Islamabad - A research suggests that Alzheimer’s disease is yet another condition that may be caused by sleep disorders.

Co-author Barbara B Bendlin of the University of Wisconsin-Madison explains the motivation for the study, saying, “Previous evidence has shown that sleep may influence the development or progression of Alzheimer’s disease in various ways.”

“For example, disrupted sleep or lack of sleep may lead to amyloid plaque build-up because the brain’s clearance system kicks into action during sleep. Our study looked not only for amyloid but for other biological markers in the spinal fluid as well.”

Biological markers for Alzheimer’s disease include signs of amyloid and tau protein build-up. Amyloid and tau are “sticky” proteins produced in excess in the brains of people with Alzheimer’s disease.

The former builds up into plaques, while the latter forms tangles. These are formations that either block the communication between neurons or obstruct the transport of nutrients to nerve cells, eventually leading to neurodegeneration.

Upon analysis, participants’ cerebrospinal fluid showed “signs of amyloid, tau, and brain cell damage and inflammation.”

The study therefore revealed that people who reported being sleepy during the day, having poor sleep quality, or experiencing other sleep problems, had more biological markers for Alzheimer’s disease in their spinal fluid compared with people who did not report having trouble sleeping.

The results remained even when the researchers adjusted for potential confounders, including the use of sleep medication, education, depression, and body mass index.

However, the authors note that not all sleep disorders correlated with signs of Alzheimer’s. For instance, the researchers found no association between spinal fluid biological markers and obstructive sleep apnea.

“It’s important to identify modifiable risk factors for Alzheimer’s given that [...] delaying [its] onset in people by a mere 5 years could reduce the number of cases we see in the next 30 years by 5.7 million.”

Bendlin says the study did not address causality, so “it’s still unclear if sleep may affect the development of the disease or if the disease affects the quality of sleep. More research is needed to further define the relationship between sleep and these biomarkers.”

Bendlin concludes, “It may be possible that early intervention for people at risk of Alzheimer’s disease may prevent or delay the onset of the disease.”

Another study suggests that middle-aged adults who experience a moderate to severe traumatic brain injury (TBI) may be at significantly greater risk of developing dementia in later life. TBI is defined as a blow, bump, or jolt to the head that causes damage to the brain.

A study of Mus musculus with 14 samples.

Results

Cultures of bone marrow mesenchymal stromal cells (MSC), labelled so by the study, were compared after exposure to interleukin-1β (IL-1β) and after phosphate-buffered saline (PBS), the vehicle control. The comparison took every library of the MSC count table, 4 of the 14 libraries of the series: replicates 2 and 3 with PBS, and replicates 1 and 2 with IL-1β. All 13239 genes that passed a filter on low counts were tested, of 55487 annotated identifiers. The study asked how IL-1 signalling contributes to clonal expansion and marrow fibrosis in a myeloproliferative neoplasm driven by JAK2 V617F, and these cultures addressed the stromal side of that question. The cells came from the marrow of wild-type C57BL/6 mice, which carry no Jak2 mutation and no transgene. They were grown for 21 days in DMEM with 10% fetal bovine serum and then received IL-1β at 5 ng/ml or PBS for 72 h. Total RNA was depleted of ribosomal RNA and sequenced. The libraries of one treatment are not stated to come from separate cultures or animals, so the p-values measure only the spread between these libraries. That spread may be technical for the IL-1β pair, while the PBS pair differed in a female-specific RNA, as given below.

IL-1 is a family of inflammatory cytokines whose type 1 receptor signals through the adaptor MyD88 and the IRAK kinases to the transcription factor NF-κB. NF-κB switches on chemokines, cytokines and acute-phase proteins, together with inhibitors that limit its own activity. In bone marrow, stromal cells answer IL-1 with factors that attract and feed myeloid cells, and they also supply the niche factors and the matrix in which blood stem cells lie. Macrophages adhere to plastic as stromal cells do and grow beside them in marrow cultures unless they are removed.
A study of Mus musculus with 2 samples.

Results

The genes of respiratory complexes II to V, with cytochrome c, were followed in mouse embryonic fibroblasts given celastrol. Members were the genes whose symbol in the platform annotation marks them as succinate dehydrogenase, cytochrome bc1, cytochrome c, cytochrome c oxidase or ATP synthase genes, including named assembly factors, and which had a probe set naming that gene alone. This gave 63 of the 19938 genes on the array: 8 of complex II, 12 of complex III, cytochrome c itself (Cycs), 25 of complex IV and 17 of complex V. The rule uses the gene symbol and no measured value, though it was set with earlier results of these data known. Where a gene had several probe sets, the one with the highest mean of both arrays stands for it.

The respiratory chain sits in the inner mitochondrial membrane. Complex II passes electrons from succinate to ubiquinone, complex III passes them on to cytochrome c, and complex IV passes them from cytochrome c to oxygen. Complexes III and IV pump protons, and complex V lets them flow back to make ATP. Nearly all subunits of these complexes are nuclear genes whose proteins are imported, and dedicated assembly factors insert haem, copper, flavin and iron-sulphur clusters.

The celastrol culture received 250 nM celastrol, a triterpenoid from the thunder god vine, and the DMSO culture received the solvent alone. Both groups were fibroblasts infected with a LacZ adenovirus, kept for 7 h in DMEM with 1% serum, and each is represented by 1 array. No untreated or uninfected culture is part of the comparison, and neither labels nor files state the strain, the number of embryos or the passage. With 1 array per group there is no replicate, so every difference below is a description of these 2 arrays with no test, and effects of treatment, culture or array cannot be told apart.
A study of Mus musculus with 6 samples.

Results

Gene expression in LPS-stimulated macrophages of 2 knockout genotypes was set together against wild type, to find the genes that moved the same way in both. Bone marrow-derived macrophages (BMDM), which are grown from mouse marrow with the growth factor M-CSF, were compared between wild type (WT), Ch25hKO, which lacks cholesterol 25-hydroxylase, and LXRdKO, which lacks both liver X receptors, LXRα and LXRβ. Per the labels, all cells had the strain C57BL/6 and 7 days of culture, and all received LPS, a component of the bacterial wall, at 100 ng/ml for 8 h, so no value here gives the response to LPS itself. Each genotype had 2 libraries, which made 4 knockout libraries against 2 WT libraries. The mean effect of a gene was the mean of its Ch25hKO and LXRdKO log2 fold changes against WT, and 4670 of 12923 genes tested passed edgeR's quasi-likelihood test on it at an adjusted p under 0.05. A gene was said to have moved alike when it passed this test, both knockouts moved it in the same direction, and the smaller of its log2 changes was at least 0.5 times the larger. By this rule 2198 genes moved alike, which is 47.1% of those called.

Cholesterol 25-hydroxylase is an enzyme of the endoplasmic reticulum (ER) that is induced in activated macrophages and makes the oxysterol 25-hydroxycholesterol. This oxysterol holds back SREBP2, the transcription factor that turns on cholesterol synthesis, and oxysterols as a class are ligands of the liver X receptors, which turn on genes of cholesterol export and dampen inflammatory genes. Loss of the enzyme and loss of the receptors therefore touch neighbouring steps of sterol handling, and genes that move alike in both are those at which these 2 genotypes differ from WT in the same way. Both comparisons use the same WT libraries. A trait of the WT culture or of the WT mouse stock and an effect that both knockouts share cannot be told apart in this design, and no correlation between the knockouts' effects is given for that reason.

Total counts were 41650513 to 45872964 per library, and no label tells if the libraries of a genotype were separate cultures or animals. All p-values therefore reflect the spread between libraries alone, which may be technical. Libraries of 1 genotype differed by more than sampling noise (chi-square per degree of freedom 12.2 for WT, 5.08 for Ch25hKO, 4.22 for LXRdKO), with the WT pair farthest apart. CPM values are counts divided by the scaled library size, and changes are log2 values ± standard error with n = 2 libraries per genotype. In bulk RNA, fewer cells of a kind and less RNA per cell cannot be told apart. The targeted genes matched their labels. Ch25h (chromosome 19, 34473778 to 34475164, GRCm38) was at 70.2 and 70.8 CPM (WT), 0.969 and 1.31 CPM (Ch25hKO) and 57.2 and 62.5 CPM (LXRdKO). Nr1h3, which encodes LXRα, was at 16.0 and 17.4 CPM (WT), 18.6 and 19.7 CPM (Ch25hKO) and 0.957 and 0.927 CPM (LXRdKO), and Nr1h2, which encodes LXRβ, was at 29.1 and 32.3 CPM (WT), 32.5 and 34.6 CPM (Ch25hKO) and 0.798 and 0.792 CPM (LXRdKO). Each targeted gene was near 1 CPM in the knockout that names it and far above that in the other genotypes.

Study co-author Dr Rahul Raj of the University of Helsinki in Finland and colleagues sought to investigate this association further.

When the team accounted for numerous confounding factors - including age, sex, education, and socioeconomic status - the researchers found that participants who experienced a moderate to severe TBI were 90 per cent more likely to be diagnosed with dementia than those who had a mild TBI.

Dementia risk was highest for adults whose moderate to severe TBI occurred between the ages of 41 and 50, the team reports, and middle-aged men were more likely to develop the neurodegenerative disease than middle-aged women.

“It seems that the risk for developing dementia after TBI is the highest among middle-aged men,” notes Dr Raj.

“The more severe the TBI, the higher the risk for subsequent dementia. While previous studies have identified good education and high socioeconomic status as protective factors against dementia, we did not discover a similar effect among TBI survivors.”

The researchers found no link between TBI and increased risk of Parkinson’s or ALS.

Dr Raj and colleagues believe that their findings indicate that TBI sparks a process that leads to dementia later in life, but further studies are needed to pinpoint the exact mechanisms behind this process.

In the meantime, the team hopes that the study helps to encourage longer-term monitoring of adults who have a TBI, in both clinical and research settings.

“It is a tragedy when an adult of working age develops dementia after recovering from a brain injury, not just for the patient and their families, but it also negatively impacts the whole society,” says Dr Raj.

“In the future, it will be increasingly important to prevent TBIs and to develop rehabilitation and long-term monitoring for TBI patients.”